The strongest pound to euro exchange rate in almost a decade is resulting in Derry’s traders and cross-border workers taking a hit, while Donegal experiences a business bonanza, local businesses sectors have confirmed.
Chambers of Commerce across the region have reported mixed fortunes as more and more people take advantage of new highs of £1: €1.43 (€1: 70p) yesterday- rates not seen since before the recession back in 2007.
Traders in Inishowen and Letterkenny are reporting a marked upsurge in visitors from the north and also an increase in the number of Donegal people opting to shop at home.
This has resulted in a significant reduction in the number of cross-border shoppers coming into Derry.
While pointing out that currency fluctuations were nothing new for the border area, Sinead McLaughlin, Chief Executive of Derry’s Chamber of Commerce, told the Journal: “The current situation has seen the value of the Euro plummet and it is having an impact on the direction of travel for cross-border trade”.
“However,” she added, “businesses in Derry have always been very competitive and resilient.”
Ryan Stewart, President of Buncrana Chamber of Commerce said things were looking up with a number of new businesses opened along Main Street and more generally across the peninsula.
Mr Stewart said: “There has been a significant increase in sterling take in the town, but the biggest thing is local people shopping local and not travelling over the border and losing a fortune on their Euro.”
Toni Forrester, Chief Executive of Letterkenny Chamber of Commerce, meanwhile said: “We are definitely seeing an increase in shoppers who may have traditionally seen Derry as their preferred destination. With exchange rates as they are, there is little to attract people to shop in Northern Ireland.”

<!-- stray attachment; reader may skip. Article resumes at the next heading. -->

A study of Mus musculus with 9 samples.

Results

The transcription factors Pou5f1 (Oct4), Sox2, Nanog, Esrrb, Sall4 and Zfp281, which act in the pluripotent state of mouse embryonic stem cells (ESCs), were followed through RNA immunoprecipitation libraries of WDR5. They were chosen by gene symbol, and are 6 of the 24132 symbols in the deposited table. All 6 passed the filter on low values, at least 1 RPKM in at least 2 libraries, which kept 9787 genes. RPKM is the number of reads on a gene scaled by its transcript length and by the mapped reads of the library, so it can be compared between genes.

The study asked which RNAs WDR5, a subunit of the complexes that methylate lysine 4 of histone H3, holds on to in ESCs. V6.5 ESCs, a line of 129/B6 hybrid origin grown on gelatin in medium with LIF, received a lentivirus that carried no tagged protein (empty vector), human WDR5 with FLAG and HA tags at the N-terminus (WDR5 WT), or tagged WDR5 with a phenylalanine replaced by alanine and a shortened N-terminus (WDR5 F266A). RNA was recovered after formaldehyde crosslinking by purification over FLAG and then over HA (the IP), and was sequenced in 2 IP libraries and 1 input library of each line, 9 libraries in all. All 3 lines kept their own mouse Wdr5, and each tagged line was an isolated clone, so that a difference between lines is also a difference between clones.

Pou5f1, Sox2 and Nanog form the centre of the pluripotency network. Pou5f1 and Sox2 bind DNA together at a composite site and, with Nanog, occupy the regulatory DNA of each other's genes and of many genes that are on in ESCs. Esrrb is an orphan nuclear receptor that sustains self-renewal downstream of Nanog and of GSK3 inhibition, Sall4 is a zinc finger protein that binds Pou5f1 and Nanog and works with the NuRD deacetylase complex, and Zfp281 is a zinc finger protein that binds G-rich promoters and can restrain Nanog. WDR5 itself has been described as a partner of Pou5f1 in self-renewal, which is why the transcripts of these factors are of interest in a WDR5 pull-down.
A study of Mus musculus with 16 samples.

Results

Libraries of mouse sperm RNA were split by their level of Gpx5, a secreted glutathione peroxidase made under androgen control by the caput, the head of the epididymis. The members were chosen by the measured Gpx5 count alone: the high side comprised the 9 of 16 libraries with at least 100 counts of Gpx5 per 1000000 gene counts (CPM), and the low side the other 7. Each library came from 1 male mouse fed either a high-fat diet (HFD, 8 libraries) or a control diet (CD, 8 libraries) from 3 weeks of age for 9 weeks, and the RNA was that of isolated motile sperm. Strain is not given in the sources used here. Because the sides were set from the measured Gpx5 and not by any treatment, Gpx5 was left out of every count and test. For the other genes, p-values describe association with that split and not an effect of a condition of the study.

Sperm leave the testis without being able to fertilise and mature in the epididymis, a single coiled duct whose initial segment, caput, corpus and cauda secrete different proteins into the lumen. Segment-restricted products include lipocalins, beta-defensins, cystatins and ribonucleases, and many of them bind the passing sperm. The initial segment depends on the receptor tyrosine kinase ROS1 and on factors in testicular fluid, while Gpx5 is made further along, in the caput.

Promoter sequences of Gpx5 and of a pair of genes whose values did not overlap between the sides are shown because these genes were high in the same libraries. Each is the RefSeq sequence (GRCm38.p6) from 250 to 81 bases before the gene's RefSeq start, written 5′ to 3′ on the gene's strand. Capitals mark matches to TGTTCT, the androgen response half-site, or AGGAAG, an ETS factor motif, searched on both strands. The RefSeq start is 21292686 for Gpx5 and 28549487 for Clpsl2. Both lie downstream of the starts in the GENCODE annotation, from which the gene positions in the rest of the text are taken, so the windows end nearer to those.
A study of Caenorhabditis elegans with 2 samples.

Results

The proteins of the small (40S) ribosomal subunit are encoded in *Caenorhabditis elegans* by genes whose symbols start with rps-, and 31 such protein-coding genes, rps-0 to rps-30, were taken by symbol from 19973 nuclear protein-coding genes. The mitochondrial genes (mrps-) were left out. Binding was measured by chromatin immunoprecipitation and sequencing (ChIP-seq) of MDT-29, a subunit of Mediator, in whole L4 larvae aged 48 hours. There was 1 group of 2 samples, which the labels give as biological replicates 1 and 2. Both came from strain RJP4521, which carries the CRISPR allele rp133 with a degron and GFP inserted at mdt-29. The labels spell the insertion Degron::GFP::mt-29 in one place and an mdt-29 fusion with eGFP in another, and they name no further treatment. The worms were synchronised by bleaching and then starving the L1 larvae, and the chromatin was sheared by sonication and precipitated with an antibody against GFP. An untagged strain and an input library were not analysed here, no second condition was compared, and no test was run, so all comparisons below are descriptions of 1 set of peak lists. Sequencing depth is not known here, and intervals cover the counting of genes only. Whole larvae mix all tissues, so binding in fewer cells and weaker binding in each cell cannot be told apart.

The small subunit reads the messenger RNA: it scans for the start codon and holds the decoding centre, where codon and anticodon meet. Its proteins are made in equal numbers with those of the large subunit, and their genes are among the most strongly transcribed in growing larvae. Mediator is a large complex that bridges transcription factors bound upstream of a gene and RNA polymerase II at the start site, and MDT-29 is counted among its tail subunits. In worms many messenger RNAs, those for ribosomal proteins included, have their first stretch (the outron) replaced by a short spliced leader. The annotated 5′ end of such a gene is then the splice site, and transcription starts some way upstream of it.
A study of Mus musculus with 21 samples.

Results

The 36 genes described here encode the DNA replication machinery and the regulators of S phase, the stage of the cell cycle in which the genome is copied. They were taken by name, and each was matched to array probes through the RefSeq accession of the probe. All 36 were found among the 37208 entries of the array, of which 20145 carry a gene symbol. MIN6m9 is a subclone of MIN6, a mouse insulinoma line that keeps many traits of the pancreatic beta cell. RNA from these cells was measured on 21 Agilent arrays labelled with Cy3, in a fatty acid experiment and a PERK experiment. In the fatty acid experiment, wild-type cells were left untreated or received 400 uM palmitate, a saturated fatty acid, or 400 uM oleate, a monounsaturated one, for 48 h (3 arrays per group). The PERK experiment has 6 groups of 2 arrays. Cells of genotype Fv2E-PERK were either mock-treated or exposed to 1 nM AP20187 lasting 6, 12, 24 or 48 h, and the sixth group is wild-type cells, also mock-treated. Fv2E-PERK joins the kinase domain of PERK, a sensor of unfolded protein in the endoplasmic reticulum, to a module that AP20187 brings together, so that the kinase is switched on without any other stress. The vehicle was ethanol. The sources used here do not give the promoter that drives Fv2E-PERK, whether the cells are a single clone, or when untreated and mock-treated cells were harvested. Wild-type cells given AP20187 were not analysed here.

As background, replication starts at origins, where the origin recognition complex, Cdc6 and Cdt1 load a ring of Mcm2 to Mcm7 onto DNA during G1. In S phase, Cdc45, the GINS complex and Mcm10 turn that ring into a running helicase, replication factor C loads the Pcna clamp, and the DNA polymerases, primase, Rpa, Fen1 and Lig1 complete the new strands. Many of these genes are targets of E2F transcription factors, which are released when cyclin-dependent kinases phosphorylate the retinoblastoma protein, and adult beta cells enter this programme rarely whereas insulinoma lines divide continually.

Ms McLaughlin said local retailers have not been slow in moving to counteract the effects of the exchange rate.
Shops had been introducing “significant discounting”, she said, while the hospitality sector was offering great deals “which is effectually neutralising the impact of the weak Euro against the pound”.
Ms McLaughlin added: “Businesses prefer to operate in a stable operating environment, and I know our members within the hospitality sector are very keen to see VAT rates equalised on both sides of the border, to create fair competition and greater stability against constant currency fluctuations.”
Ms McLaughlin voiced concern for people who live in Derry but work in the south and receive wages in euros.
“These workers are experiencing a significant cut in salary. That is often overlooked in these conversations and has a real impact on employees’ disposable income,” she said.
Ms Forrester agreed this was a very negative side effect of the present exchange rate.
“If you work in Letterkenny but live in Derry, things will be tight and some may have chosen to seek jobs elsewhere but there are always swings and roundabouts,” she said.
In terms of trade in Donegal’s main town, she added: “This year has been very strong for the hospitality sector and their summer trade has been very good. This obviously has a knock on effect on retail, restaurants, cafes, family attractions.
“The exchange rate plays a big part, not just in bringing in the Northern and UK customers but more importantly encouraging local people to shop in the county.”
Mr Stewart concurred that the increase in trade was “pretty much across the board”.
“In terms of being competitive, it is only in the past six months that sterling rate has gone up so significantly. Up until that point businesses here were still competitive - everyone had to adjust because of the recession,” he said, adding that he did not foresee any significant change in the near future.